By Josh Hatcher

The Ellicottville Central Schools Board of Education is “working out” the feasibility of opening the weight room to the community.

School Superintendent Mark Ward brought up the idea at the Tuesday, Dec. 8 board meeting, explaining that the new weight room has 16 weight and workout machines in addition to free weights.

“Some school districts just open them up for the community to use – at specific times, of course,” Ward explained that a number of details would need to be worked out, and board members and administrators volleyed some ideas back and forth.

“Does our insurance offer an incentive if we have a wellness program? That’s something we could look into for our faculty and staff,” remarked board member Nichole Klein.

Ward seemed to be in favor of opening the weight room to the community, though he does want it to be open to people who have children who attend, people who live in the district, and not necessarily people from other towns. “We’ve got to figure out what the rules are, who uses it and when they use it.” He thought it was a good thing to open up to the taxpayers who helped to fund it in the first place.

Athletic teams are already using it for training, and this week a 60-inch screen arrived and will be installed. “The TV is connected to the web, they can watch YouTube or DVD’s and see demonstrations right there in front of them,” explained Ward.

The board also discussed staffing the weight room and tossed out names of people who may be interested. They agreed to research the issue further and discuss it at a future board meeting to make a plan.

Ward also gave his update regarding the capital improvement project: “We are definitely winding down. I know – I say we’re winding down every two weeks, but we really are almost there,” quipped Ward.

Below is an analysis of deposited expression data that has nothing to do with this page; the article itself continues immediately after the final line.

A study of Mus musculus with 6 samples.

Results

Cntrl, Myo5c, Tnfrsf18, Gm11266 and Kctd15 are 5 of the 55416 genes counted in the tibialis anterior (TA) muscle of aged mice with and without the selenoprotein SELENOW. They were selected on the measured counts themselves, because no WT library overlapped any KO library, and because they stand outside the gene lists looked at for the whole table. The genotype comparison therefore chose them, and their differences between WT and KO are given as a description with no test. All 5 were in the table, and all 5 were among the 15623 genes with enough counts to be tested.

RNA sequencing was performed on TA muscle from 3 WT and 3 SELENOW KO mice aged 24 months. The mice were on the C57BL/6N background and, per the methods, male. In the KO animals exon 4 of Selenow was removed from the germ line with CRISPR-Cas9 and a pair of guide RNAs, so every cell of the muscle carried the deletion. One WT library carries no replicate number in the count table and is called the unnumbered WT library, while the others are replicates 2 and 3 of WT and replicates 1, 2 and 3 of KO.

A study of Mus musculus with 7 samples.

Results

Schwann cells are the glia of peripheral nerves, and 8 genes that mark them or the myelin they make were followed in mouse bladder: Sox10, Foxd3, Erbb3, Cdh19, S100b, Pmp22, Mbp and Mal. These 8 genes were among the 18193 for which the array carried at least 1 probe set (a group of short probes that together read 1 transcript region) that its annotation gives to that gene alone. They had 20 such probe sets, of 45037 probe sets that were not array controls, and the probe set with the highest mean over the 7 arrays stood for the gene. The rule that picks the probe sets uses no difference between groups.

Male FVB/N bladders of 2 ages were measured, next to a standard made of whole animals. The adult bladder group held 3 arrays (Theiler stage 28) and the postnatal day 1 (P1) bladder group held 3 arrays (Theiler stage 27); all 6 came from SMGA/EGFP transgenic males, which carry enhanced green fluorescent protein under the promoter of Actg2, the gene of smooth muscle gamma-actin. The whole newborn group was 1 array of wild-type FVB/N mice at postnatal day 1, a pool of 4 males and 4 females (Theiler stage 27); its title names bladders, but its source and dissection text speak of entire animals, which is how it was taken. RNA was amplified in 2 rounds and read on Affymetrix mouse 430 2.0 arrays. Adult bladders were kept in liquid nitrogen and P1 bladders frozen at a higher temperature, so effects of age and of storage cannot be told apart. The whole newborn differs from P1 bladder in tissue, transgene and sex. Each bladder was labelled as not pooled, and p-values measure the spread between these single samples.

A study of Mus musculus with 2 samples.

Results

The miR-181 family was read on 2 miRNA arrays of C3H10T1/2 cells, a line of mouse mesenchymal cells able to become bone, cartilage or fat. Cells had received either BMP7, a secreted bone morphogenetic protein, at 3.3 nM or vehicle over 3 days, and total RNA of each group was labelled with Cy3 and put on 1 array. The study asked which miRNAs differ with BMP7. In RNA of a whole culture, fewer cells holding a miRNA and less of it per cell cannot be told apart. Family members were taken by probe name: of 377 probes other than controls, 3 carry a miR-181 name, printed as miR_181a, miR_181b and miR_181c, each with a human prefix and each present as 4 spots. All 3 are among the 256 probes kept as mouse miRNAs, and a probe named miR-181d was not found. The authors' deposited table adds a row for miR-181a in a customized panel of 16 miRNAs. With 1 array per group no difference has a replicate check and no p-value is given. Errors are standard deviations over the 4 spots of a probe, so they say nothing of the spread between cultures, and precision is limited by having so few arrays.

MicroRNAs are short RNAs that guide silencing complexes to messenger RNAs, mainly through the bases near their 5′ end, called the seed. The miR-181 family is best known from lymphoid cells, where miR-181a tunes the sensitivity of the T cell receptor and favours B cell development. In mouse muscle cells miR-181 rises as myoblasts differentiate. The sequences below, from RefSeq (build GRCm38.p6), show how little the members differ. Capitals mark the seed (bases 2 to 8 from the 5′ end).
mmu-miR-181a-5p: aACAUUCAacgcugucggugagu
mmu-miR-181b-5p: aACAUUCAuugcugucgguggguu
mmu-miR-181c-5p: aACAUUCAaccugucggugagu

The company that installed the bleachers came back to make sure they were firmly and securely anchored to the walls, and added hardware to stairs on the bleachers. Ward explained that before this was done he was concerned about a very visible gap that could trip up a small child, but, he assured the board, that’s taken care of.

Previously the board discussed adding a retractable curtain to protect the wood near the stage area and the wooden bleachers. Ward said he thinks they may have found a cheaper option. “To spend $15 thousand out of our regular budget seems a bit overkill. I think we can come up with a cheaper solution. We’re working on that.”

The APPR negotiations are set to start meeting again in the new year. Ward says that he anticipates that the board and the teachers union can come to an agreement before March. “If we don’t – we have to file for another extension, and I don’t think getting a second one will be quite as easy.”

Middle/High School Principal Bob Miller and Ward both attended a State Police program that covered information regarding disaster preparedness, particularly in the instance of a school attack.

“We learned quite a bit, and we’ll share it with the safety committee. This is ever evolving, and we need to be tweaking our safety precautions. If you think something can’t happen here, don’t be foolish.”

He explained that school districts need to have a plan, and to practice it. He explained that the school will be practicing some of those skills in the near future with a lockdown drill and training for the new teachers, assistants and aides.

Last month, the board looked into the possibility of purchasing a used wheelchair van. A board member asked for an update, and Ward explained that the district would not be pursuing the purchase after finding out that particular kind of wheelchair transport van is actually illegal for schools to use in NY State.

“What we have is fine for now,” said Ward. “We’ll keep our eye out for something else that may work for us,” explaining that their original intent was to find something a little more maneuverable than the current bus.

The board approved an SAT prep course, to be held in the mornings. Miller explained that since the five-day-a-week prep course has been put into place, SAT scores have gone up.

“We’ve had several 700s and an increase in scores overall.”

The class runs through March 4, and two teachers rotate Math and English each morning, receiving a $1000 stipend for coming in early to help the students prepare.

The next meeting of the ECS School Board is scheduled for Tuesday, Jan. 12 at 7:30 p.m. in the High School Library.